Insight, wisdom, lessons learned and everything in between to help you find the information you need for smoother transition between diplomatic assignments.

Keeping Routines and Taking Breaks During PCS

Updated: Sep 1


Moving (or as we say, PCSing) feels like one long chore day after another. It's okay that it feels this way, it's kind of meant to, but that's why you have to find a place to take a pause. We recommend to our clients that they thoughtfully manage their time when they are preparing to PCS, and build in time to take breaks.



Just like when you plan for a vacation so that you can mentally refresh and reset, building in a break during PCS time is designed to give your mind and body a chance to recover from the endless tasks. Let your brain relax and calm down from all that is moving. Shifting from productivity mode to relaxation mode can be a challenge. If you don't take those breaks and you aren't mindful about it, you could burn out before you even get to your pack out. And if you've done this before, you know that pack out is just another check box on your list of things to do.


Sticking to your routines during your PCS, is letting your brain take breaks even while being productive. Routines are habits that don't require much thought.


The idea of taking time away from move prep may sound overwhelming. Between work, family commitments, and regular social commitments it can be challenging to figure out how you can squeeze in free time. Have you ever spent a weekend so busy that by Monday you were more tired than you were on Friday afternoon? Speaking from experience, it is much harder to recover from a proverbial PCS weekend. We need to restore our minds and bodies even it is just 20 minutes of quiet.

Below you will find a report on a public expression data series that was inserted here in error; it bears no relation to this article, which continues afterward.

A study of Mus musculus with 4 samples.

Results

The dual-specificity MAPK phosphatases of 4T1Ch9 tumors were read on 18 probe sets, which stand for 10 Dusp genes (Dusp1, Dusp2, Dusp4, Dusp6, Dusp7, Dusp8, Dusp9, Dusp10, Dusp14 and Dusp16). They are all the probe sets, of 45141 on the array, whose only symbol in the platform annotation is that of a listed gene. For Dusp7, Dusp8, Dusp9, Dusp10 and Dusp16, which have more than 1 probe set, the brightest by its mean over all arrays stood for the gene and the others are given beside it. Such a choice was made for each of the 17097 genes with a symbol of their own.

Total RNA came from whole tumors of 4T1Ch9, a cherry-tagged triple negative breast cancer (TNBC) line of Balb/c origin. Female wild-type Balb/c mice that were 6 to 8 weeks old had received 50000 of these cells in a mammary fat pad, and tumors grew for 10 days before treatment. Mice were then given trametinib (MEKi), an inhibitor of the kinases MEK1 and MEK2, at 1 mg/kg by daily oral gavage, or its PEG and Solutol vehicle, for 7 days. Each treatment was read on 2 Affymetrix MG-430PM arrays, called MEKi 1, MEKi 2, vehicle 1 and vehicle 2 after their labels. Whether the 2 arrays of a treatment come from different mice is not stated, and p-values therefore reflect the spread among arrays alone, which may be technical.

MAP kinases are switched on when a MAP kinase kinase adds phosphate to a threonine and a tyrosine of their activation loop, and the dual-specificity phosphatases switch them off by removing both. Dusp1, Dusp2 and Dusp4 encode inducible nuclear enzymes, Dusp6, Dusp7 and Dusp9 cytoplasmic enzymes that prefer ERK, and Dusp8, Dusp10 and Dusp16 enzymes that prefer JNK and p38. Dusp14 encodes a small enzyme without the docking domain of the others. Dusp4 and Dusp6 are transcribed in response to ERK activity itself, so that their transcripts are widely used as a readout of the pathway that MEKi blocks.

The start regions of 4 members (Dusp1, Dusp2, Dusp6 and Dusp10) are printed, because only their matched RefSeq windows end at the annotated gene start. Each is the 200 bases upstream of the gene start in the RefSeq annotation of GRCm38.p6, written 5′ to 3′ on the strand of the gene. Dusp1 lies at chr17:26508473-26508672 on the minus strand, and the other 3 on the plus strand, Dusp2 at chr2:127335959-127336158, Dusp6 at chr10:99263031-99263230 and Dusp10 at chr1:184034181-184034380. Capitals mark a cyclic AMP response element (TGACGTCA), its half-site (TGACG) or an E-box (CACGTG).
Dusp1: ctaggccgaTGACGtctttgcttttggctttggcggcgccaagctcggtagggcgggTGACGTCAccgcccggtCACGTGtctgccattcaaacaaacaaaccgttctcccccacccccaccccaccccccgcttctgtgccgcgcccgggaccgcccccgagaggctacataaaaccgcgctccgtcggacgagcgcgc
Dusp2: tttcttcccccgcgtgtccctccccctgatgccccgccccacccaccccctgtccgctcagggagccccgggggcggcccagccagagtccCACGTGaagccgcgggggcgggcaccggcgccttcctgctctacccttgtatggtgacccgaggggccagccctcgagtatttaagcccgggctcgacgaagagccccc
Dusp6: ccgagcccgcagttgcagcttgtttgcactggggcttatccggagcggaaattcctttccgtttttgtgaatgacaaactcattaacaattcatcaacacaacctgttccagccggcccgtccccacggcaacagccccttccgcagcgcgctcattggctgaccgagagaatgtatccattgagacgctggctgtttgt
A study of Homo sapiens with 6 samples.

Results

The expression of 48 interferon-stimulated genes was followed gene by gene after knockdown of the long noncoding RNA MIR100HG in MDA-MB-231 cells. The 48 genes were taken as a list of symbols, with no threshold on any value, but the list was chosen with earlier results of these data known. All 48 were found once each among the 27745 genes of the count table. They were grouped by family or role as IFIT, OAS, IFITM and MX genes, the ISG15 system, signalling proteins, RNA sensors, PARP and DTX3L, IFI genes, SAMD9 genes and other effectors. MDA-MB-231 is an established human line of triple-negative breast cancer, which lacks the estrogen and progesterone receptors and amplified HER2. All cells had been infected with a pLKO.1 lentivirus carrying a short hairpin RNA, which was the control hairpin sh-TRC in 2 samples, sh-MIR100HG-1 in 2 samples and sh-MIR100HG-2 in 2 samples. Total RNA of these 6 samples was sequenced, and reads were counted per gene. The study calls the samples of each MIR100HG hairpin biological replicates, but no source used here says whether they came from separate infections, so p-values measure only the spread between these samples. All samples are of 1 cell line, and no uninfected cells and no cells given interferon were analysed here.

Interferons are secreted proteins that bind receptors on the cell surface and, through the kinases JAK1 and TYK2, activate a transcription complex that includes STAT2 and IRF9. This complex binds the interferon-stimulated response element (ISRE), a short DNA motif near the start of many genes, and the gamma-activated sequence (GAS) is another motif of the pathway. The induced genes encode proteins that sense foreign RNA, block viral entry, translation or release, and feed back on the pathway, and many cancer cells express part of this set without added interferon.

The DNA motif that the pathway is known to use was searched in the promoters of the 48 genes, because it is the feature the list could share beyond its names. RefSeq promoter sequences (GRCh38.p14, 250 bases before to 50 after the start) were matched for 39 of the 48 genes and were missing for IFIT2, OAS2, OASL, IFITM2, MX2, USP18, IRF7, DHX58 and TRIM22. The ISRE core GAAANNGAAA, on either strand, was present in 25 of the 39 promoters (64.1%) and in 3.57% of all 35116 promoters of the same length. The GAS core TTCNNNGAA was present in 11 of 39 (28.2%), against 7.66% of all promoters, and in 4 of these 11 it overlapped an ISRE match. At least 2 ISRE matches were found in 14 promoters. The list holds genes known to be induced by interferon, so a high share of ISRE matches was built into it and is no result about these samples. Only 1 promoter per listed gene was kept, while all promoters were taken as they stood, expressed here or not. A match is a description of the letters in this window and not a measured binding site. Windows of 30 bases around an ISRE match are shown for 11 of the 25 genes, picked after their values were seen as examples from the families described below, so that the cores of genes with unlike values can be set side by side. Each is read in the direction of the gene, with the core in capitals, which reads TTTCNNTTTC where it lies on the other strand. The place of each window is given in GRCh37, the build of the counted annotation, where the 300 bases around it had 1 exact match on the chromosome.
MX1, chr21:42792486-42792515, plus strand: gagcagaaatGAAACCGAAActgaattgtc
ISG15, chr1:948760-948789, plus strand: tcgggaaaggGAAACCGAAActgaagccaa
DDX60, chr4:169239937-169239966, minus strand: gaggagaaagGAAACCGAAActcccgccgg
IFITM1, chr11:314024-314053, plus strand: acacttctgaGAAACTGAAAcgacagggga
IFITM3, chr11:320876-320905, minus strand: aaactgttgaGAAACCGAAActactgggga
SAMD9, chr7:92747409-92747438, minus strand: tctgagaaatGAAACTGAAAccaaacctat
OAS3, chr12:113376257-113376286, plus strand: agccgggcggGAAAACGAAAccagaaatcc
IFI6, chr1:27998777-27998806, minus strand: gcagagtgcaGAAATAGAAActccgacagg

The great news is that a routine is already a break. Sticking to your routines during your PCS, is letting your brain take breaks even while being productive. Routines are habits that don't require much thought. While a move causes inevitable disruption, routine creates a sense of stability and control.


Build in Breaks & Maintain Routine

Here are some ideas of how you can build in some breaks and maintain a healthy routine.

  • Dedicate one day each week that is solely for you.

  • Keep a central calendar that the entire family uses so you don't overbook yourself.

  • Have a brief family meeting each week to keep tabs on your schedules and also make sure you're all getting enough time off from move prep.

  • Stick to your night time routine even if it means leaving an event before it is over. Your rest is super important.


It can be easy to let the adrenaline keep you going, but you're not a young twenty-something anymore relying on late night coffee runs and your parents' laundry room. You need rest. Plus, humans are creatures of habit, so if you completely disrupt your habits or routines, the impacts will be on your ability to get through your move with a clear mind.